National debt rises over $5 bil. mark
The national debt rose by 16 percent year-over-year in the first quarter of 2013, breaching the $5 billion mark, according to The Central Bank of The Bahamas.
The latest Quarterly Economic Review issued by the central bank reveals that the government’s overall deficit for the third quarter of the 2012/2013 fiscal year grew by 54.2 percent ($40.4 million).
This indicates that the government’s spending outstripped its revenues by $115.1 million. Expenditures for the three-month period reached $457.2 million – a 10.6 percent increase over the same period last year – while revenues fell by 6.1 percent to $342.1 million.
Correspondingly, the national debt grew to $5.1 billion – a 55 percent debt-to-GDP ratio based on 2012 GDP figures.
The Quarterly Economic Review, which covers the first three months of 2013, describes a “relatively subdued” level of domestic economic activity during the period.
“Tourism output softened due to a decline in the high-value added stopover segment of the market and slowed growth in sea visitors. In a modest offset, foreign investment-led projects sustained gains in construction output, however, domestic building activity remained relatively weak,” it states.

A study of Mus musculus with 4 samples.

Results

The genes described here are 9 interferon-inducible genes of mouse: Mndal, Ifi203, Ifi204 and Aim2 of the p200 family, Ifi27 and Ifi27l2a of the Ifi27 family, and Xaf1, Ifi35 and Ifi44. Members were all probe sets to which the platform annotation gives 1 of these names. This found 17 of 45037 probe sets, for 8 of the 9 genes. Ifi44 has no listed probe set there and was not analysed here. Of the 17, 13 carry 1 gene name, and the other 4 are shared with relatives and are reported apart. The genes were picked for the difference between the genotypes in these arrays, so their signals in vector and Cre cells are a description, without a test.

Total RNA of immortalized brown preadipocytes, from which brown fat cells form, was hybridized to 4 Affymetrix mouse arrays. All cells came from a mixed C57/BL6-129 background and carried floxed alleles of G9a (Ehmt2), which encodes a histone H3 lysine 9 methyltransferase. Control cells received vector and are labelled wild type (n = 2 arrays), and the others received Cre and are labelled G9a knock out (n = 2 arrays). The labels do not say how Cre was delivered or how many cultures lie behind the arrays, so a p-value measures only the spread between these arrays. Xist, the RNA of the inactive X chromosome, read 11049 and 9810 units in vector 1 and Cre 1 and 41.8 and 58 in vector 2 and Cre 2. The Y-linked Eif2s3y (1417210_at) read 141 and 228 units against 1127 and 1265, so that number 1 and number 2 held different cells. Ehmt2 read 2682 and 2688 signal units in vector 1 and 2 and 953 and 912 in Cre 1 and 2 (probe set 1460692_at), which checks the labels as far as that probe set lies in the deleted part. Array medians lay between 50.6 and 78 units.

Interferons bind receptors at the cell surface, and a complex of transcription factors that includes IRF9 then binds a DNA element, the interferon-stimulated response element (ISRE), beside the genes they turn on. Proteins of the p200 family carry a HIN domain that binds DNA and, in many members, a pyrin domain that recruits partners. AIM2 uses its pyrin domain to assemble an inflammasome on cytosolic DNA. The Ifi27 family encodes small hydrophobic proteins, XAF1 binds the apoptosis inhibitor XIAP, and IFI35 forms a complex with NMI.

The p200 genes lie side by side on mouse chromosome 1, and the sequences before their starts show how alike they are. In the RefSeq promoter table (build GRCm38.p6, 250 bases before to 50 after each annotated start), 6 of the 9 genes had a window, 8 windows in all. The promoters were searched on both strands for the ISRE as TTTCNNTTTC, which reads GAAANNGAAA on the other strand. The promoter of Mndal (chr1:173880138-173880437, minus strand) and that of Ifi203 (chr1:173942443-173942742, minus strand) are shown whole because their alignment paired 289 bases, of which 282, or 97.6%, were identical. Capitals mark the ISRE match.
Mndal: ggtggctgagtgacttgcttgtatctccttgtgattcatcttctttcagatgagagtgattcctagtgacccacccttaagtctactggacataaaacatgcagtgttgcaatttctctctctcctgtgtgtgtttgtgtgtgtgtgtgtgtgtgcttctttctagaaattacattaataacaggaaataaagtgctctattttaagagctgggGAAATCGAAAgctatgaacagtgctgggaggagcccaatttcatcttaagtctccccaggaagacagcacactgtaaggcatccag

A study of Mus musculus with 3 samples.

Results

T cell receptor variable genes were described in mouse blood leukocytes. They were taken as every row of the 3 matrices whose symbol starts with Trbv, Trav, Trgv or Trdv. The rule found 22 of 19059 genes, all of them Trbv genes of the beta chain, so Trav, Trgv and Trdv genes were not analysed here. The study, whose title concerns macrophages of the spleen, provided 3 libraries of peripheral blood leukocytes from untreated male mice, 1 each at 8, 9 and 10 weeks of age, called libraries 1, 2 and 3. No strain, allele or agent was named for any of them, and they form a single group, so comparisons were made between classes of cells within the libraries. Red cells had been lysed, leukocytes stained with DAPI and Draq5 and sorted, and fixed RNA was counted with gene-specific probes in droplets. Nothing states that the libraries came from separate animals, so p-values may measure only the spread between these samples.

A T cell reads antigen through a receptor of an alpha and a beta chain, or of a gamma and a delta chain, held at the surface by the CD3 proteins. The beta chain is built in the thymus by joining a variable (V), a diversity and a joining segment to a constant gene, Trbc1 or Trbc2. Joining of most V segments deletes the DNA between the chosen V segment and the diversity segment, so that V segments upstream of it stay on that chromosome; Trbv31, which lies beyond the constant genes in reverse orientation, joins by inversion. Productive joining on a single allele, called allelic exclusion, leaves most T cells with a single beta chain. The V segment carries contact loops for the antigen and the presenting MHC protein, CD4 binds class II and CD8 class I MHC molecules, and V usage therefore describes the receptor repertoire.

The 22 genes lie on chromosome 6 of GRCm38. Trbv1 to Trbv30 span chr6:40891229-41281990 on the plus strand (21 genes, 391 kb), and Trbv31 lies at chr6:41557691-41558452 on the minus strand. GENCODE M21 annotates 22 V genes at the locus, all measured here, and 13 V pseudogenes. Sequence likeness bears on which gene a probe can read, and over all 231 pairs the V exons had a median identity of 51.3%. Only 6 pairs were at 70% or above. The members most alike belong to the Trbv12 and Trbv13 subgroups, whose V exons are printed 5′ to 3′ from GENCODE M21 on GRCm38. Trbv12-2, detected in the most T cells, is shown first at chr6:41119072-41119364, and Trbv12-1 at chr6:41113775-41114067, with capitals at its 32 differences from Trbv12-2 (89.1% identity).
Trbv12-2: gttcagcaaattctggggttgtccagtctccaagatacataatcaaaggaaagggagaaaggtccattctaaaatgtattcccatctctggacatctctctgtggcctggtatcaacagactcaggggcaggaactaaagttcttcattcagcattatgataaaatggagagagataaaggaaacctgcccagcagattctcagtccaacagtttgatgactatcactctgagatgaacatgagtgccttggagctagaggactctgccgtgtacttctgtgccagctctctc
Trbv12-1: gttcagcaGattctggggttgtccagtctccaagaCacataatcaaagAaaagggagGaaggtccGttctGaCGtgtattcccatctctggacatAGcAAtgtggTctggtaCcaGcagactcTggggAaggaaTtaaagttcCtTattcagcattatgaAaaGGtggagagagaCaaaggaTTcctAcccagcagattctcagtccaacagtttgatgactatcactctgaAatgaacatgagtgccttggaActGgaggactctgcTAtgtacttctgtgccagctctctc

The review indicates that the government experienced a 28.6 percent rise in the interest payments on its debt in comparison to the same period during the previous year. These payments alone rose to $53.4 million.
Total debt service payments rose by 57.7 percent ($8.6 million) to $23.5 million – an almost four-fold hike in debt repayment over last year’s first quarter, according to the Central Bank.
Rising interest payments may continue to be a problem for the government, given that the report states that it utilized mainly short term debt instruments to finance its deficits during this period.
Further describing the nature of the government’s borrowings during these three months, the central bank notes that of $192.9 million in borrowings in the quarter, the proportion of foreign currency debt as a proportion rose slightly, by 0.3 percent, or $6.2 million.
According to the central bank, government spending growth contributing to the significantly enlarged deficit was “broad-based”, and included a 17.1 percent jump in support to public corporations, at $12.4 million. Falls in revenue were attributed in part to seasonal declines in import and excise tax receipts, in addition to a 27.4 percent reduction in property tax-related revenue, and a 9.2 percent fall in motor vehicle taxes. Departure taxes “firmed” by 14.1 percent – $3.9 million – to $31.6 million.
Overall, debt service as a proportion of government revenue increased by 2 per cent to 2.6 percent during the period, states the report.
Messages left for Minister of State for Finance Michael Halkitis, were not returned up to press time.